Left guard Kory Lichtensteiger is in his fourth year as a starter.
(Toni L. Sandys/The Washington Post).

In a league and a position where size often matters, Redskins left guard Kory Lichtensteiger is an exception to the rule.

List at 6 feet 2 inches tall and 284 pounds, Lichtensteiger is the shortest and lightest of Washington’s linemen, but he worked his way into a starting job four seasons ago and has found a way to stick – using his mind to compensate for his size deficiencies.

After missing the final 11 games of the 2011 season with torn ligaments in his knee, Lichtensteiger reclaimed his job in 2012 despite the fact that the Redskins used a third-round pick on SMU product Josh LeRibeus, whom they planned to groom to take over at left guard.

Lichtensteiger gutted his way through a painful 2012 campaign as he worked his way back into form following the 2011 knee surgery, and helped pave the way for Washington to lead the league in rushing. This offseason, Washington re-signed the player that Coach Mike Shanahan describes as his best run-blocker to a five-year contract.

Lichtensteiger is coming off strong outings against Detroit and Oakland and looks to continue the momentum as Washington begins a crucial stretch tonight in Dallas.

In today’s Gameday Q&A, we catch up with Lichtensteiger to talk about a number of topics, including his start in football, the key to his success and his favorite pastime.

MJ: What did you want to be when you were growing up?

KL: I had no idea. I didn’t have any long-term goals as a kid.

MJ: When did the NFL become a goal?

KL: I didn’t think I could play professionally until my junior year [at Bowling Green].

MJ: Have you always been undersized for your position, or were you pretty good-sized in high school?

KL: Yeah. We were just talking today. I was the heaviest out of all the five [Redskins] starting O-linemen in high school. I was about 300.

MJ: What about height-wise?

KL: I was the same height. I thought I was 6-4 then. Over time, the measurements became a little more precise, and turns out I was 6-2.

MJ: That had to be disappointing.

KL: To get notched down? Yeah, it was a depressing realization.

MJ: And what happened? Overtime, everyone just passed you by in the size department?

KL: (Laughs). Yeah, I think the next to lightest guy is Monty (center Will Montgomery). He hovers around that 300-pound range.

MJ: You’ve worked your way up in the league from backup to starter. What’s the key to overcoming limitations?

KL: Having coaches that believe in you. And you have to be a little crafty. It’s not about overpowering guys. It’s not about using length. Some guys get away with bad technique because they’re physically stronger or have better tools in their toolbox. But for me, I guess, it’s outworking somebody, fitting the scheme well and just having a little bit of a mean streak, I guess.

MJ: Did you have that mean streak in high school?

KL: I guess I kind of did. In high school, I was just bigger than everybody else, and I played small high school football teams, and everyone was tiny, and it’s fun to hit littler people. Now, the roles have changed where I’m the little guy hitting the bigger people.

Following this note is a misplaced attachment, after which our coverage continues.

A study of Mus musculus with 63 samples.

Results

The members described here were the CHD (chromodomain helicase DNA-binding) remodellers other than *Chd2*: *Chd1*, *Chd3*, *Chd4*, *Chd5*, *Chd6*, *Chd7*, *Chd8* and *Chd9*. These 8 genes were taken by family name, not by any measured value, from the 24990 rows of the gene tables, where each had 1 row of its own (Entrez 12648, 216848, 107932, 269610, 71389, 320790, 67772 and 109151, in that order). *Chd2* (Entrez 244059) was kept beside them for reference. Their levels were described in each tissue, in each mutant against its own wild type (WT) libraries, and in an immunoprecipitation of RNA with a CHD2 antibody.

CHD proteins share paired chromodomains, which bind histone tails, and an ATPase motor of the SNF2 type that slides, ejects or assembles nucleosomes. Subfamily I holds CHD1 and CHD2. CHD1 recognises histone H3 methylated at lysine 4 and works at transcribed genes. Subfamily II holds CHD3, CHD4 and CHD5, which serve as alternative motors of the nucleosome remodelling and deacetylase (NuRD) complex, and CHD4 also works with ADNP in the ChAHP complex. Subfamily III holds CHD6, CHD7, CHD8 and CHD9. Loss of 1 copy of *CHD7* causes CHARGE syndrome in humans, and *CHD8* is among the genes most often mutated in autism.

MJ: What position did you play in high school?

KL: Actually, I did everything. I played offensive and defensive tackle, I was a long-snapper, and I did kickoffs, too. … I was pretty good [as a kicker]. I had a couple touchbacks. I didn’t do field goals.

MJ: How did you settle on football as your sport back then?

KL: I was just a big kid and it came naturally. Actually, my school didn’t even have football. My dad was on the school board and was like, ‘I think this would be a good time for this school to have it.’ I think that also corresponded with me coming up into that age. It all came together pretty well for me.

MJ: How did you find a way to stand out despite going to a small college?

KL: Thankfully, I was able to get drafted pretty early (fourth round by Mike Shanahan in Denver in 2008), and that gives you a little leeway, at least early in your career. But then, I found myself on the street in 2009. So, it goes back having coaches believe in you: having Mike give me an opportunity to come here, and to think enough of me to put me in there in game situations.

MJ: What career path would you have chosen had it not been for football?

KL: My degree is in criminal justice, but I never really wanted to use that. I certainly don’t now.

MJ: How did you pick it then?

KL: I went into college undecided and took one of those college courses – a find-your-major kind of course. And I was just reading about it, and I guess Bowling Green has a good program for that. I did enjoy it. A lot of interesting information, but not necessarily something I want to go into.

MJ: What do you like to do when you’re not playing football?

KL: I’ve got four kids. So that pretty much dominates my time. It’s fun to watch them play games. My oldest is in baseball right now, and it’s pretty competitive. So, I go to watch baseball games, or go out in the back yard and just play around with them.

MJ: What kind of a fan are you?

KL: I try not to say anything. I cheer for him and try to be positive. You can’t really rip on the umps because they’re all like 12 years old, so you look like a real jerk if you get in their face.

Have a Redskins question? E-mail Mike Jones at mike.jones@washpost.com with the subject line “Mailbag question” for him to answer it in The Mailbag on Tuesday.